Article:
How to Turn an On-Site Lecture into an Online Course?
Teachers have been challenged to adapt their lectures for online formats – a brief history of successful transformations at TU Wien Informatics.
See “Page URL” field below…Peter Purgathofer and Janis Lena Meißner from the Human-Computer Interaction Group at TU Wien Informatics have expertly translated their teaching methods to the digital world. In 2021, Peter Purgathofer and his team received an Award of Distinction by the Ars Docendi (Austrian State Prize for Good Teaching) in the category Methods of Distance Learning and their Sustainable Use.
In a short film by Christian Lendl, TU Wien Informatics alumni, filmmaker, and media engineer from Vienna, they talk about the transformation process, its challenges and benefits.
Designing a new format
Transferring lectures usually designed for large auditoriums into online courses is one of the significant teaching challenges lecturers faced during the pandemic. A talk ‘into the black box’ is not enough to captivate students at home in front of their laptops. Peter Purgathofer and Janis Lena Meißner have developed a new concept: They reduce the thematic introduction to 30-45 minutes, accompanied with text, pictures, and videos. Students are required to create content summaries to pick up the lecture material – and are free to choose their preferred working method, from infographics to plain text.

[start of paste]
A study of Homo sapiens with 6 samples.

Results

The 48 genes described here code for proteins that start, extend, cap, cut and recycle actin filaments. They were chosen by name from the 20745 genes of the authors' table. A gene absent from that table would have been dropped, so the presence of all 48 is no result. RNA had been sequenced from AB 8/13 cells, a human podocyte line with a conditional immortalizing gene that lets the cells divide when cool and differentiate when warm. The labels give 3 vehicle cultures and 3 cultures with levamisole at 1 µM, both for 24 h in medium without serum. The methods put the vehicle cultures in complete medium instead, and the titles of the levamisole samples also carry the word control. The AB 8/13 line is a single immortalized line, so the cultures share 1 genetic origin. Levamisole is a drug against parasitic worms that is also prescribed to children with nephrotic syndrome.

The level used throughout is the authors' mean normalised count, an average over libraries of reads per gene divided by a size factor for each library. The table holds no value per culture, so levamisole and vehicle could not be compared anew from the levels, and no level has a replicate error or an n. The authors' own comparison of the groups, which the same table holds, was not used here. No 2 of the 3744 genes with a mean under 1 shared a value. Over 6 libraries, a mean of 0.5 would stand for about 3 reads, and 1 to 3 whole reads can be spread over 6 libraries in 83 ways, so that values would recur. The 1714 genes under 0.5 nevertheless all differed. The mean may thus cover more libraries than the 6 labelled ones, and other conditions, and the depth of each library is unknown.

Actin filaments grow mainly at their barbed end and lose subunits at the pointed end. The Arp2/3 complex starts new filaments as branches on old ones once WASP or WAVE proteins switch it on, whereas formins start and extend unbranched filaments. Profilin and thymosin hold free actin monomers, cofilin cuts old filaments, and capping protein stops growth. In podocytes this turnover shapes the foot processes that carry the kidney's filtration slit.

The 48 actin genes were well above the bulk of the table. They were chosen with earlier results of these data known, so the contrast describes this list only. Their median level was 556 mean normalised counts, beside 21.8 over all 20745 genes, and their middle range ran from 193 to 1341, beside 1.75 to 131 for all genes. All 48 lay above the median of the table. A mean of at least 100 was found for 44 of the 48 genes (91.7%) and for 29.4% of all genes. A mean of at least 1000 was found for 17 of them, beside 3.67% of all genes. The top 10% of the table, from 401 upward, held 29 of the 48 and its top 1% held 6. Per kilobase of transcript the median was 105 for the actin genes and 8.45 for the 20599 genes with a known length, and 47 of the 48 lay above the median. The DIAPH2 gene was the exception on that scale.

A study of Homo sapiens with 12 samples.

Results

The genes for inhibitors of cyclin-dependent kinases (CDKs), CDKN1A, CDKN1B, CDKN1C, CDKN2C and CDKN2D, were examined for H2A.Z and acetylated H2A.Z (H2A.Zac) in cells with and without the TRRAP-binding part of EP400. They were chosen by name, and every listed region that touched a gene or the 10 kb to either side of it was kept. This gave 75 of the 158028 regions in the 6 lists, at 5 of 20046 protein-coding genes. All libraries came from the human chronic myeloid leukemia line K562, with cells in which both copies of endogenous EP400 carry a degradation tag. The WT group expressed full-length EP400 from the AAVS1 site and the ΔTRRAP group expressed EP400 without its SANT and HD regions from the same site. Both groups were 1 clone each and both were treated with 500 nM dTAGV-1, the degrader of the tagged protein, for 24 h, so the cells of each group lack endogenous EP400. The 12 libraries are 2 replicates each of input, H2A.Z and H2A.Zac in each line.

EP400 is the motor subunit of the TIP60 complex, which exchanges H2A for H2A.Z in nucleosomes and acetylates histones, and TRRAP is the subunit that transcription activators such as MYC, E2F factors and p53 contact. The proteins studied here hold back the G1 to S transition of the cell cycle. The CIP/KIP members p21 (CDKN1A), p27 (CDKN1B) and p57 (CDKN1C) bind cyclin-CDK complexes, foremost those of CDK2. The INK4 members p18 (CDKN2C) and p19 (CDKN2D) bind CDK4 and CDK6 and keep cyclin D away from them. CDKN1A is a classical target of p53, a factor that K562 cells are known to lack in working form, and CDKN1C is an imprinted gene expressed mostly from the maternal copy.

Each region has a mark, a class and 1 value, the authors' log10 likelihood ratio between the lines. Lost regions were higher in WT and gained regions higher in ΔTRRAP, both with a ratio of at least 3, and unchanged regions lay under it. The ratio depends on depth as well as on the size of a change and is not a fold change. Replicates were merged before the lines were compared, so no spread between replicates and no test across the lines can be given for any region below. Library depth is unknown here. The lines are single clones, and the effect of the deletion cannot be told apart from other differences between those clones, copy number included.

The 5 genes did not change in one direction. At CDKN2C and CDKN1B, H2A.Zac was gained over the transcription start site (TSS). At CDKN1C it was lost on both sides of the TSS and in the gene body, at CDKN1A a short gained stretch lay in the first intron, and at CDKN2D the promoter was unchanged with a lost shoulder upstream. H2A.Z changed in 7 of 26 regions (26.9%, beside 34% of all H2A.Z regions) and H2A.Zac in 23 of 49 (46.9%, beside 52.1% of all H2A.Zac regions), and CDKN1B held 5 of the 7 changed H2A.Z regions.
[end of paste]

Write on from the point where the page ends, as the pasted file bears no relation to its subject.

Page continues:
The second half of the lecture consists of a lengthy discussion with experts from the respective fields. An important finding was that discussions work far better online than in large lecture halls: The exchange is livelier because of the lower threshold to ask questions online. Moreover, Purgathofer and Meißner noticed that the quality of questions increases, among others, due to the written format.
Creating a new setup
The key to online teaching is sound and image quality. Even studies show that lecturers are perceived as more competent if the lighting, video and sound quality are good. Purgathofer and his team set up a fixed working space for online lectures. Gaining more experience over time, they simplified and automatized the set-up. Automatically adjusted screen ratios and easy switching modes reduce the teacher’s stress during live lectures.
To manage the extensive discussions, Meißner introduced a tool for up- and downvoting questions by students. Meißner also moderates the discussion during the lecture, representing the written questions and therefore minimizing the pressure one might feel by posing questions oneself.
The effort to prepare the online lecture is not much higher than the analog version due to the shortened introduction talk. But the workload for follow-up and content creation, e.g. for in-depth videos, is extensive.
For Purgathofer, the critical question is not if lectures should be held online or offline, but instead how we can create teaching and learning environments where students can engage and pursue topics they are passionate about.